University of Virginia rising-third year biology major Ishita Mahajan is involved with many clubs. So, as UVA announced plans to open grounds in the fall, she thought going back on campus would be ideal.
But she’s undecided.
“I’m worried about my health obviously going back to Charlottesville,” Mahajan said. “There’s [also] the community of Charlottesville that lives there. UVA students have a big impact on the Charlottesville community. I don’t want to put myself at risk and all the other people who live there.”
The school’s Wednesday announcement that detailed its plan to reopen this fall mentioned large classes would be offered online, she said. But at this time, Mahajan, an international student who has been living with family in New Jersey since the pandemic outbreak, said the school has not made it clear what classes would be considered “large.”
The majority of Mahajan’s schedule includes large classes, like science courses that are around 150 to 200 students, that could be online. She said she hopes that the school will clarify that for her.
And she’s not alone. Rising third-year students Neha Shah and Melinda Hicks also said they’re worried about their health and Charlottesville residents.
“We don’t know what’s going to happen to classes — what the cut off for how large the class can be to still meet in person,” Shah said. “I’m a science major. I’m not sure how the labs would work.”
Mahajan said she’s willing to comply with UVA’s rules, including wearing masks, social distancing and travel restrictions from and to grounds to limit the spread of the virus.
But others might not want to adhere to the rules, she said, and it’s a “little naive” that school officials are expecting college students to not throw parties and not hang out with their friends.
“If you don’t have very good measures, I feel like it’s a little unrealistic to expect that it will happen,” said Mahajan.
UVA’s fall semester protocols include teaching large classes online, giving students the option to remain home or participate in classes remotely, as well as deferring or taking a gap year.
UVA also said there it will require limited seating in dining areas, and to-go options and face coverings. Personal protective equipment will be provided as well as hand sanitizing stations across grounds.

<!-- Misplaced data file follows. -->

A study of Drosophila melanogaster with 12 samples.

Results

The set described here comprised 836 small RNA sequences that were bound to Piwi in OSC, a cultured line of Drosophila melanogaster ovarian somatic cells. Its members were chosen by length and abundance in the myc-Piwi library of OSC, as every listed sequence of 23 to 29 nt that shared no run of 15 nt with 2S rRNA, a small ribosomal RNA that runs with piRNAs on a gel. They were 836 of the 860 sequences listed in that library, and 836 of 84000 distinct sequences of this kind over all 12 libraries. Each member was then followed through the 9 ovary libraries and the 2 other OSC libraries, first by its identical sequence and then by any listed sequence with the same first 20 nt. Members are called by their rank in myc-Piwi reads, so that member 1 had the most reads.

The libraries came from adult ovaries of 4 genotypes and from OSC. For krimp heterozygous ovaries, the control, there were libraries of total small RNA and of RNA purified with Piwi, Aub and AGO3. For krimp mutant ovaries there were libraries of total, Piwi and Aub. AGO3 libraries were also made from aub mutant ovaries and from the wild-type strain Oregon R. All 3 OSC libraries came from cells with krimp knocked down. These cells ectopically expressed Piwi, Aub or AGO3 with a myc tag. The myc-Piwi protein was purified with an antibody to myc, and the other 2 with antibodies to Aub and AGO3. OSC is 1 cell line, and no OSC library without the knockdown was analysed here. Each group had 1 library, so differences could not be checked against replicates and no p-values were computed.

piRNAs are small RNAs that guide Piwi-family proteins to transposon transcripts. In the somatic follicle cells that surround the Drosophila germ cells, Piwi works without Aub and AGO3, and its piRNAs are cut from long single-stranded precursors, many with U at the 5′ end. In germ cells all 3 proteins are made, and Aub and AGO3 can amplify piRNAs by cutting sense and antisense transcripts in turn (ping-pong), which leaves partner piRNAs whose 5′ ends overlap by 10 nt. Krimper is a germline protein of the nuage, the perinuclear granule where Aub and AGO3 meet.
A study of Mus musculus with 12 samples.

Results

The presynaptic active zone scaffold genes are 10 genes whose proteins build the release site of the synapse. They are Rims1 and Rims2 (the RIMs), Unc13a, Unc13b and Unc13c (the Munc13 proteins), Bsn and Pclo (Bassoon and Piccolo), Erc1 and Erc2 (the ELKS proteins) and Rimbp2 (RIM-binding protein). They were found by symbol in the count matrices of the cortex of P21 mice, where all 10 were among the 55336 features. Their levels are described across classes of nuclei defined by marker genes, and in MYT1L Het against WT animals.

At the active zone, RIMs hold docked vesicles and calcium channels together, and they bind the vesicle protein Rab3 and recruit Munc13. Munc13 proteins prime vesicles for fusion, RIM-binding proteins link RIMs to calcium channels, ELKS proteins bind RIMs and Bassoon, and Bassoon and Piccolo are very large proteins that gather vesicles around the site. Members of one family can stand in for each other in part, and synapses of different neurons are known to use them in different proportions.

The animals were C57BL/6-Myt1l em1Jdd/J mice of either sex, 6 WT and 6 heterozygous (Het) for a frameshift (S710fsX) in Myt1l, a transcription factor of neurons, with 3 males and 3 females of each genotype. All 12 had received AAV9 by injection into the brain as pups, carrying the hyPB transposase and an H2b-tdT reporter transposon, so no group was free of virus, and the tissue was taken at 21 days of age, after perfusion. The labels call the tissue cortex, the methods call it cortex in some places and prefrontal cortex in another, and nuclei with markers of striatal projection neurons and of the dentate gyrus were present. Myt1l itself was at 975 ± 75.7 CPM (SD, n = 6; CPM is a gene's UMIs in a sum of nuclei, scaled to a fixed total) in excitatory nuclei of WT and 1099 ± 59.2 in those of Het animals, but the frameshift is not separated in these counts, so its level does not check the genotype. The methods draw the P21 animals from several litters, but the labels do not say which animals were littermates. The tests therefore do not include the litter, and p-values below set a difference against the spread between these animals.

At first, rising third-year Shah said she was all for reopening grounds, but now she wishes there was more information available to students. She said that fraternities would want to congregate in large groups, and she’s not sure how the school could prevent that.
Business owners on The Corner — like Johnny Garver, owner and chef at Pronto, and Audrey Lorenzoni, the co-owner of Ragged Mountain Running Shop — have voiced concerns about UVA’s plans to reopen. They said they witnessed students not wearing masks.
Whenever there’s a large group of people coming to an area, there’s a risk that COVID-19 could run rampant in the community, said Dr. Taison Bell, an assistant professor of medicine in the divisions of infectious diseases and international health and pulmonary and critical care medicine at UVA.
He acknowledged COVID-19 is active, saying that states like Florida and Texas have seen an increase in cases.
“But it does not mean that we have to go back to shutting down the whole country,” he said. “Being able to [reopen] in a smart way is what’s important.”
UVA’s plan is reasonable, he said, because of its flexibility that allows classes to be moved online in case there’s a second wave. That would prevent the disruption of learning.
“Because we have that set up now, we’ll have either online or in-person classes,” he said. “Students can take classes online if they want to and there’s flexibility in the plan. That’s what’s going to be the best thing moving forward.”
As Virginia entered its reopening phases, many have voiced concerns about a spike in COVID-19 cases, specifically because the virus has disproportionately affected underserved communities.
Bell said as part of the reopening plan issued by Gov. Ralph Northam, hospitals in Virginia are required to maintain a 25 percent capacity to deal with the surge, including the hospital having enough personal protection equipment and staff to take care of patients.
“We’re pretty confident that we’ll be able to handle a surge because of how we structure — how the hospital runs,” he said, explaining that as long as people stick to precautionary measures, “we can do things like reopening businesses and having gatherings.”